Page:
Activity Highlights: B-to-B
The B-to-B market is all about cost and value these days. The high quality of the products and wares is also discussed in the direct mail, as well as the excellent service and programs provided, but these often take a back seat to good offers and top-notch deals that prospects can get. Also, in an attempt to get prospects to raise their hands, pURLs, sweepstakes and CD-ROMs are employed.
Verisign sent a very Christmasy 5-1/4" x 10" pullout mailer, covered with snowflakes (Archive code #836-475022-0909). The back of the envelope asks a sure-to-get-their-attention question in big type: "What's the difference between a holiday shopper who fills their cart and one who fills out their credit card information?" The answer is tucked behind the long, horizontal window below that forces the prospect to pull out the inside card. It reveals a green-colored web address bar with https://www.imagineyoursitehere.com next to a lock symbol and the text "identified by VeriSign."
The inside piece also works effectively, with a large "25% OFF" greeting the prospect next to several calls to action. The four-page booklet uses a potent combination of promotional copy, research data and testimonials. The lead line is an attention-getter: "When customers know they're shopping on a secure site, they're 86% more likely to make a purchase." The back page gives a few snapshots of case studies, with companies having some success with VeriSign's new "green bar."
Ok, this next mailing went out in September as a "Summer Special," but that's a season that never goes out of favor, especially when a sale is attached. Ricoh printed a "Big Summer Break!" on its four-color, 5" x 10" postcard, with the shot of a piggy bank riding a wave (Archive code #812-174947-0909). To get leads, the opposite side places a pURL in the middle of a promotional paragraph about its digital printer, which is being discounted.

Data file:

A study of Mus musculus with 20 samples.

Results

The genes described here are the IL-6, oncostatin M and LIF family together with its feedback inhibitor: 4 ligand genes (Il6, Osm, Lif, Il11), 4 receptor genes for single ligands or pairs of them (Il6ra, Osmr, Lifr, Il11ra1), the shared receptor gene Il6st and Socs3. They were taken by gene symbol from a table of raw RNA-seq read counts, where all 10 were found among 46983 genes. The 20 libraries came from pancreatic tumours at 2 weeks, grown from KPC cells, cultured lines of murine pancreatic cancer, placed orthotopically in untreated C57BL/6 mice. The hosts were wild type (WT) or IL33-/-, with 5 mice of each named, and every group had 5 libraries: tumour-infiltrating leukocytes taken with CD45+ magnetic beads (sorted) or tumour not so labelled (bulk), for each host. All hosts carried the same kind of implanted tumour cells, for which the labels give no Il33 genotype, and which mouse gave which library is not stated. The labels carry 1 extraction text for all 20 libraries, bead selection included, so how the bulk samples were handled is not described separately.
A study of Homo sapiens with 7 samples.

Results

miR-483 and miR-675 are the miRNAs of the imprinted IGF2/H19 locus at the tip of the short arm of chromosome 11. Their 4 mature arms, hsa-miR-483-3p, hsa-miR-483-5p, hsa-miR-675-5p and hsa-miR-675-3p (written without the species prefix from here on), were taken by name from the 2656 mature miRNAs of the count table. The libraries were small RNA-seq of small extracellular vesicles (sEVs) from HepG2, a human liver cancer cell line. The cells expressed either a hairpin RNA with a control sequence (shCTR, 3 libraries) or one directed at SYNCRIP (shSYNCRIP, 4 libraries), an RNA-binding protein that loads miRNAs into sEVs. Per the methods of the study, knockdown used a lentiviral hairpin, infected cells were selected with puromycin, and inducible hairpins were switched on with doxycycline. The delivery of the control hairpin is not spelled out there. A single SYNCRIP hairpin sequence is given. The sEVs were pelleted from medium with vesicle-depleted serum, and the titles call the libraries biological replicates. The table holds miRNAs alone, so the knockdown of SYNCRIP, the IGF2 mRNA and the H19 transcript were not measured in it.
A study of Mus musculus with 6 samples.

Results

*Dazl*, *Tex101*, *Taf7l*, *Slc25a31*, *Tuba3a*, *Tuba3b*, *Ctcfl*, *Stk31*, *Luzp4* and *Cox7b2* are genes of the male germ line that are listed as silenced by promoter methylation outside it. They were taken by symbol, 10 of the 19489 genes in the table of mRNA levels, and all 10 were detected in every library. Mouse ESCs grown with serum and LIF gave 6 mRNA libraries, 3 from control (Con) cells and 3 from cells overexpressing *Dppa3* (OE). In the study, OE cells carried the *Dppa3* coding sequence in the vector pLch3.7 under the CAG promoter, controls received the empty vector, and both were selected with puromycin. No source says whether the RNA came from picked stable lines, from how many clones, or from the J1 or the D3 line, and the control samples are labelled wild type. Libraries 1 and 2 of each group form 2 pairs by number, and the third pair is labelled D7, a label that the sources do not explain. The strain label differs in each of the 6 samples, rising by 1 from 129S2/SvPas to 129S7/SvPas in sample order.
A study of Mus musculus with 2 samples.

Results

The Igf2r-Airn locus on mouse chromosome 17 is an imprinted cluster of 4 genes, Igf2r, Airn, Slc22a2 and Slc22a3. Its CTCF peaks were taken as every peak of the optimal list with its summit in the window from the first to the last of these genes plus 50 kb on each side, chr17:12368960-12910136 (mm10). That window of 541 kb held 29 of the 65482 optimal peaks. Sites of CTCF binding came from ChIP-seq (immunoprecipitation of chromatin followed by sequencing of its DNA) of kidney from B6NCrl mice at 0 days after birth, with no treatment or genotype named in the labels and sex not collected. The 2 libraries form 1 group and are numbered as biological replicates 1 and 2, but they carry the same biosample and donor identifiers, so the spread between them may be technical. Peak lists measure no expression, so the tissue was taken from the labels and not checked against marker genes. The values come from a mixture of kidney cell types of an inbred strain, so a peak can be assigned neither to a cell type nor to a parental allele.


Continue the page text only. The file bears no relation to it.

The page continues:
Sweepstakes are rare in direct mail these days, but UPS has revived them in its lively "No Stress with UPS" campaign. The plain front of the "6 x 8-1/2" outer says, "Shipping is serious business. But who says it can't be fun? See inside" (Archive code #901-174091-0909B). The back of the envelope shows an illustration of a plane and palm trees, next to the line, "Get the most stress-free shipping in the business." Inside, the in-line printed letter and oversize brochure showcase the prizes, including the grand prize of a week's vacation in St. Croix, in both color and words; in addition, the piece shows the prospect how after registering, each time he or she uses UPS, points are earned for the sweepstakes prizes.
Sometimes a picture makes a prospect spend a few extra moments with a mail piece. Such is the case with HelpSTAR's 5-1/2" x 8-1/2" self-mailer that features the line "Love Your Help Desk" with a photo of an IT guy at his computer looking shocked while a young woman gives him a shoulder massage (Archive code #836-639499-0909). Opening the mailing reveals four panels littered with images and text, perhaps too much so.
Nevertheless, a good part of the promotional material works, such as the product reviews on one panel, the advanced features spelled out and the display of the logos of over two dozen well-known companies, hospitals, banks and universities. Lastly, the enclosed CD-ROM may work best of all for prospects who want to know more in a user-friendly way, as demos, tutorials, video case studies and a sample chapter from "A Guide to Computer User Support" are included. That CD-ROM better work well, for the weakest part of this mailing is the missing calls to action and response mechanisms. No reply form or envelope, no toll-free number, and only one reference to HelpSTAR's website.
Lastly, GoDaddy.com uses a celebrity endorsement to boost its #10 mailing, with a large picture of IndyCar Series female racing car driver Danica Patrick on the outer's front and a quote—"A domain name and a Web site from GoDaddy.com give me all the exposure I need"—on the back (Archive code #837-716624-0909). The top window is personalized to the prospect, who's being offered a discount of 25 percent off on domains, hosting and site builders.
Inside, it's simple. A two-sided letter is all there is, as the order methods are only through the web or phone (using the personalized source code). Otherwise, the letter consists of eight bullet points that describe GoDaddy's various web tools. The back of the letter is broken into the five different programs GoDaddy offers at different, yet low, price points.